There’s a saying in Juneau, and probably in a lot of other state Capitols : the governor proposes and the Legislature disposes.
In the first two episodes of Paying Dividends, we’ve talked a lot about what Governor Mike Dunleavy is proposing — an austerity budget with sharp cuts to schools, health-care and ferries so the state can afford $3,000 Permanent Fund dividend checks.
In the Capitol, people like to refer to the governor’s proposal as his request — because really, it’s the House and Senate that decide how much to spend on each program, and they’re free to accept or ignore the governor’s advice.
In the House right now, the committees that are handling the budgets for each state agency aren’t even using Dunleavy’s proposal as a starting place — they’re starting by asking how much each agency would need to sustain the status quo.
But if lawmakers reject Dunleavy’s budget cuts and decide to spend more money on government services, how much cash will be left over for PFDs?
In this episode, we go back to the Capitol, to talk to lawmakers about what next year’s budget and PFD are actually going to look like.
While Governor Dunleavy was elected on pledges to pay big dividends while cutting state government, his detailed proposal to do that is not exactly going over smoothly with lawmakers — even those in his own party, like the Republicans who control the Senate.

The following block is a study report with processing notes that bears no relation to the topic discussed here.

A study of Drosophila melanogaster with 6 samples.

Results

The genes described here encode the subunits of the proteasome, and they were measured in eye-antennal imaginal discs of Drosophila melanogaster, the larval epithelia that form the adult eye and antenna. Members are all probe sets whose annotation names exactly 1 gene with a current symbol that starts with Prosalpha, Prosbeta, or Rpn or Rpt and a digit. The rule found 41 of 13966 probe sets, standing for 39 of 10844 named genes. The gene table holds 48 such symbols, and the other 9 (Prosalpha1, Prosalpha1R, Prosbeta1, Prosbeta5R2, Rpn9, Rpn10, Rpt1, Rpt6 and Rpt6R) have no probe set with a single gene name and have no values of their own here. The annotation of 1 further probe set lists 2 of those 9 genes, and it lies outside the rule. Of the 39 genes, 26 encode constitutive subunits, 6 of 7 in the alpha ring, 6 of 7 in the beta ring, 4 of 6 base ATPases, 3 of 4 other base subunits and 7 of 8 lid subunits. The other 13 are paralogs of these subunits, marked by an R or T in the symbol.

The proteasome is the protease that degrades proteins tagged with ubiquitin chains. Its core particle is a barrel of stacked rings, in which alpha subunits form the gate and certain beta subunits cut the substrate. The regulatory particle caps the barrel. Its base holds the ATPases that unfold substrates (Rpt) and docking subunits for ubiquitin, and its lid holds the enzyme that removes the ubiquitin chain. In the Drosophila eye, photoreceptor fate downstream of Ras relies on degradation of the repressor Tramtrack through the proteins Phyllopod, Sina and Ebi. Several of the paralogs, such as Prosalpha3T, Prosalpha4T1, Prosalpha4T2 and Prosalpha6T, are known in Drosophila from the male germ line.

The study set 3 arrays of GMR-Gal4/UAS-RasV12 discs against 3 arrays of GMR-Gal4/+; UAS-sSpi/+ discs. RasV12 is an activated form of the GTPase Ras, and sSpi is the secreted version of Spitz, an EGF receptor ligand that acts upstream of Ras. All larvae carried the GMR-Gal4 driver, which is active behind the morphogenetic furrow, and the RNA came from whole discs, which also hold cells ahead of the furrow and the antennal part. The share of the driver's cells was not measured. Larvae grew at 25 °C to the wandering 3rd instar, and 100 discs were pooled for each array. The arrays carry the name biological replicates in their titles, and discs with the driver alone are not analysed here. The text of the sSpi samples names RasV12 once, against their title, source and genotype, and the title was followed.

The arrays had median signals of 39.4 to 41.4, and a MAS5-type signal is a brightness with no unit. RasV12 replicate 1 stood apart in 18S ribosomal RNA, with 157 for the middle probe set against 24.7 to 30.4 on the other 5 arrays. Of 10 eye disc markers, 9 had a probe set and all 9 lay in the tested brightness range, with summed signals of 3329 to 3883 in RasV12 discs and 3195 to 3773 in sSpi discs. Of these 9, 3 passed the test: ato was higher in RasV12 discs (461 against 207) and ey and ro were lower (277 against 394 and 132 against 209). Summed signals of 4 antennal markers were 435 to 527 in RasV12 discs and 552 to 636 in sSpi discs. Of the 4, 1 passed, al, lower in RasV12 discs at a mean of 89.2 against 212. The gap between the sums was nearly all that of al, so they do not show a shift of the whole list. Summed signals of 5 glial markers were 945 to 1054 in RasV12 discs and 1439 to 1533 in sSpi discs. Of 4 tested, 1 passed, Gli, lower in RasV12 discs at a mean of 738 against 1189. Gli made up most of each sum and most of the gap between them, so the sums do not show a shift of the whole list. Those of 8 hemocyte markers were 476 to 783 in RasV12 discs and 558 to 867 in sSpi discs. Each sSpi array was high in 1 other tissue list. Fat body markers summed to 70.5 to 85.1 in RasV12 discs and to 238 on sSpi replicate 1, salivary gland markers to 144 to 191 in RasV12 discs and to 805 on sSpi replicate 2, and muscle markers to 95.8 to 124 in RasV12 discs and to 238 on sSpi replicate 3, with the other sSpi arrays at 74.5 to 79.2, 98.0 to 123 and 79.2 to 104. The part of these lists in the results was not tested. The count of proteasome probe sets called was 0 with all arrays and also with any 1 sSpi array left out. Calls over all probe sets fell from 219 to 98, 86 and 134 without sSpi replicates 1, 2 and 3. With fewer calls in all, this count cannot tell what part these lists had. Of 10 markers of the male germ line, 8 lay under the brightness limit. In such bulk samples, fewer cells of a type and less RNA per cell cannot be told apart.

Nat Herz talks to two of those senators and with Andrew Kitchenman, who’s been covering budget hearings in the Senate Finance Committee.
- As the Alaska Legislature continues to grapple with the state's budget, Juneau is dealing with the direct and indirect impacts of Gov. Mike Dunleavy’s budget vetoes.
- The announcement comes despite concerns expressed by the accreditation commission's president, who has warned that cuts to the University of Alaska's budget could jeopardize accreditation in the future.
- The Alaska State Hospital and Nursing Home Association’s president says the changes should have been handled through the normal process for changing rules.
- Officials say some area pilots aren't abiding by the temporary flight restriction over the fire, and that could have major consequences.